Molecular and genetic characterization of barley
flower development mutants

J. Soule, I. Skodova*, D. Kudrna, A. Kilian and A. Kleinhofs
Depts. Crop and Soil Sciences & Genetics and Cell Biology, Washington State
University, Pullman, WA 99164-6420
*Dept. of Biotechnological Sciences, Agricultural University of Norway, Ås, Norway

Introduction Homeotic mutants resulting in the conversion of stamens into pistils, designated multiovary mo, were first reported in barley by Gregory and Purvis (1947) and, more recently, by Moh and Nilan (1953). This character is apparently common in barley mutation experiments and 5 presumed alleles have been described. One of these, mo5, has been reported to be closely linked to the naked, n, locus (Tazhin, 1980) . We have isolated two multiovary mutants from fast neutron irradiated barley (see below).

Organ identity genes have been extensively studied in two species, Arabidopsis thaliana and Antirrhinum majus (snapdragon), and fall into three separate classes, A, B, and C, each controlling organ identity in two adjacent whorls (Weigel & Meyerowitz, 1994). The B loss-of-function mutants, replace second-whorl petals with sepals and third-whorl stamens with carpels and appear to be phenotypically similar to the barley mo mutants. Two Arabidopsis and two snapdragon B organ identity genes have been cloned and designated APETALA3 (AP3) and PISTILATA (PI) in Arabidopsis and DEFICIENS (DEF) and GLOBOSA (GLO) in snapdragon. These, and other organ identity genes, encode members of a gene family characterized by an amino-terminal DNA-binding and dimerization domain designated MADS for the first four members of this family, MCM1 (yeast), AG (Arabidopsis), DEF (Snapdragon), and SRF (mammals) (Schwarz-Sommer et al., 1990).

Here we report the isolation of MADS-like genes from barley and attempts to correlate the genes with mutant phenotypes.


Isolation and characterization of mutants. The multiovary mutants, designated mo,,a and mo,,b, were selected from fast neutron treated M2 generation field plantings. Plants were first observed as male sterile, but closer examination revealed the complete absence of anthers and an abnormal number of stigmas and carpels. A normal barley floret consists of a pistil, three anthers and two lodicules enclosed by a lemma and palea (Fig. 1). The mo,,a mutant lacks all anthers and has multiple carpels (Fig. 2A). The carpel structures appear to be complex and abnormal. The lodicules (monocot equivalent of petals) appear to be fairly normal, although enlarged. The mo,,b mutant also lacks all anthers which are replaced by normal looking carpels (Fig. 2B). The lodicules appear as twisted leaf-like structures resembling sepals.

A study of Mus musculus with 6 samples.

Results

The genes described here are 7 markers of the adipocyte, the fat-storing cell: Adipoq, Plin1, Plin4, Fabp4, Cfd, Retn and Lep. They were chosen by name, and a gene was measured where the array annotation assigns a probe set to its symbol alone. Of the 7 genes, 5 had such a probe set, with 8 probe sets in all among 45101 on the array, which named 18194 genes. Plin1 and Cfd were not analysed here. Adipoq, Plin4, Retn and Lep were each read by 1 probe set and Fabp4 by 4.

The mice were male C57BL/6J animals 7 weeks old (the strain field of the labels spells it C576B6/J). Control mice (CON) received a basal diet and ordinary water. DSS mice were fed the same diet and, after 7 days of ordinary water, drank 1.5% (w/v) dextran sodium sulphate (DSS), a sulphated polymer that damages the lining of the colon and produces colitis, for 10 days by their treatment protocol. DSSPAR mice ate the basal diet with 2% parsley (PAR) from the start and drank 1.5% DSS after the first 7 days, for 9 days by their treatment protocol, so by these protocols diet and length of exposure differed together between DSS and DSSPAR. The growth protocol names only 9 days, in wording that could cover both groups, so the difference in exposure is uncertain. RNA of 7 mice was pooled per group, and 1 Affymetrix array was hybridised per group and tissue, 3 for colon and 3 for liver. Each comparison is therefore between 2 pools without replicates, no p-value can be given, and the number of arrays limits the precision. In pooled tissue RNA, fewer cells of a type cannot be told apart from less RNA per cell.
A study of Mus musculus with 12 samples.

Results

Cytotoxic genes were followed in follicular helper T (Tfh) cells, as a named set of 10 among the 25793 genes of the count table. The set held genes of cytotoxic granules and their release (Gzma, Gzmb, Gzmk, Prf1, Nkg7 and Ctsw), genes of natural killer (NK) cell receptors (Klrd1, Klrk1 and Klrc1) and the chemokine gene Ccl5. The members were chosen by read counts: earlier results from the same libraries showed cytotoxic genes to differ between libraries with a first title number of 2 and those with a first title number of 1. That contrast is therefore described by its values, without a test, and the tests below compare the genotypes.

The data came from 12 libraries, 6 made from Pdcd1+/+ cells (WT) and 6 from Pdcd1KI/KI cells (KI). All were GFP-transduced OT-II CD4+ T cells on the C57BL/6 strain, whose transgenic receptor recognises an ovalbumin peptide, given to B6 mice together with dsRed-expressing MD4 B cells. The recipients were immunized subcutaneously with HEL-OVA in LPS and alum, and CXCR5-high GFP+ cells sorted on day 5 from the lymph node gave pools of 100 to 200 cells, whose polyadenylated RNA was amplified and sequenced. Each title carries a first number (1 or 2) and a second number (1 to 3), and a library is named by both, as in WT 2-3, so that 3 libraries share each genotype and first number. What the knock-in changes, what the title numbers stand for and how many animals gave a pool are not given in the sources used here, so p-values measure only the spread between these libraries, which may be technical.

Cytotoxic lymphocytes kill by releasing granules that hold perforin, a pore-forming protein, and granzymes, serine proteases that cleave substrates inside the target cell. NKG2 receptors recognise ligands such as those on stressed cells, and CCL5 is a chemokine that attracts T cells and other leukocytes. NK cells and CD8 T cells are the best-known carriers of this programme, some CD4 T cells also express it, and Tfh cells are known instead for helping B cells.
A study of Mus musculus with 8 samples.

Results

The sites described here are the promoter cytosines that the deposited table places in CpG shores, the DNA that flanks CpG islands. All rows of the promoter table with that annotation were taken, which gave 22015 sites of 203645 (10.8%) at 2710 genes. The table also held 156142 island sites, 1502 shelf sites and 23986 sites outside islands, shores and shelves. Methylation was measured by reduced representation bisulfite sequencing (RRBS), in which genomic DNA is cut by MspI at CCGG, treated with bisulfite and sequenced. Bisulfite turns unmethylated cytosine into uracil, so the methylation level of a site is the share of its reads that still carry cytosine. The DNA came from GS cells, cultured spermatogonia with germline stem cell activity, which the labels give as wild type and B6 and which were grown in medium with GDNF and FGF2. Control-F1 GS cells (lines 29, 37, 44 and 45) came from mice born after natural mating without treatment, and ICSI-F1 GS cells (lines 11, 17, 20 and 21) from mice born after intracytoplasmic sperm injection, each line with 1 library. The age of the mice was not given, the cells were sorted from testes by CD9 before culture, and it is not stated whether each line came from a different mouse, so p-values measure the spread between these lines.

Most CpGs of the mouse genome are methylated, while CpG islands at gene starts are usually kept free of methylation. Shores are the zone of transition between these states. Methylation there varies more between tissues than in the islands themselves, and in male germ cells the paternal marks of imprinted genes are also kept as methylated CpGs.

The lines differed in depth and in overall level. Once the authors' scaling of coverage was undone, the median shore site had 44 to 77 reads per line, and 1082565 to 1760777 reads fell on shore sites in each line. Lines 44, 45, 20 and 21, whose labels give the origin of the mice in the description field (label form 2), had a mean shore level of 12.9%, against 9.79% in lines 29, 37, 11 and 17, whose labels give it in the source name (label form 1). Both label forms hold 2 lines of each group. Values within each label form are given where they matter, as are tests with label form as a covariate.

Cloning and characterization of MADS-like genes. Ten barley genomic DNA lambda clones were isolated using a rice agamous-like gene as a probe. An 800 bp Hind III fragment was subcloned from one of these, designated pJS18-2 and used as an RFLP probe. This fragment was sequenced and shown to contain strong homology to the MADS domain.

The isolated lambda clones were digested with several restriction enzymes, blotted and probed sequentially with pJS18-2, and the Arabidopsis organ identity genes AGAMOUS (AG), APETALA3 (AP3), and PISTILATA (PI). The lambda clone 16 hybridized strongly to AG and AP3 while PI showed strong hybridization to lambda clone 22. These clones were analyzed in more detail.

The lambda 16 clone was restriction mapped and individual fragments used to test for polymorphism. Only the Sall fragment pJS68 was polymorphic and could be used for mapping (see below). Fragment 24 was shown to hybridize with a mRNA probe.

Genetic analyses. Female fertility was demonstrated for both mo,,a and mo,,b.The F2 segregation ratios were distorted for mo,,a (3/53 mo plants), but monogenic for mo,,b (1 1/50 mo plants). Allelism tests and mapping are in progress.

A lambda18 HindIII fragment, JS18-2, with homology to a rice agamous-like gene and shown to contain MADS-like sequences was used to map two loci on the barley RFLP map (Fig. 3). These loci, designated JS18A and JS18B, are located on chromosome 1P and the telomeric region of chromosome 7P. The lambda16Sall fragment, JS68, was polymorphic and 5 loci were mapped to chromosomes 1, 3 and 6 and designated JS68A to E (Fig. 3). One of the loci maps close to the n locus and may be the same as mo5.

References :

Gregory & Purvis (1947). Sex reversal in barley. Nature 160. 221-222.

Moh, C. C., & Nilan, R. A. (1953). Multi-ovary in barley. J. Heredity, 44:183-184.

Schwarz-Sommer, Z., Huijser, P., Nacken, W., Saedler, H., & Sommer, H. (1990). Genetic control of flower development: homeotic genes in Antirrhinum majus. Science, 250: 931-936.

Tazhin, O. T. (1980). The linkage of the genes mo5 and n in barley. Barley Genetics Newsletter, 10: 69-72.

Weigel, D., & Meyerowitz, E. M. (1994). The ABCs of floral homeotic genes. Cell, 78: 203-209.

Figure legends :

Fig. 1. A normal barley floret consists of two lodicules (bottom), a pistil made up of a complex carpel and a biforked stigma (center) and three anthers with filaments.

Fig. 2A. The mutant mo,,a has normal looking, although enlarged lodicules (bottom) and a variable number of pistil-like structures. Note the abnormal-looking pistil structures including elongated styles and the one anther-like structure.

Fig. 2B. The mutant mo,,b has four normal looking pistils (bottom center and top) and two green leaf-like structures representing the lodicules (bottom left and right).

Fig. 3. A skeletal Steptoe x Morex RFLP map showing the locations of the JS18A and B and JS68A-E loci (in bold). The positions of N and mo5 are approximated.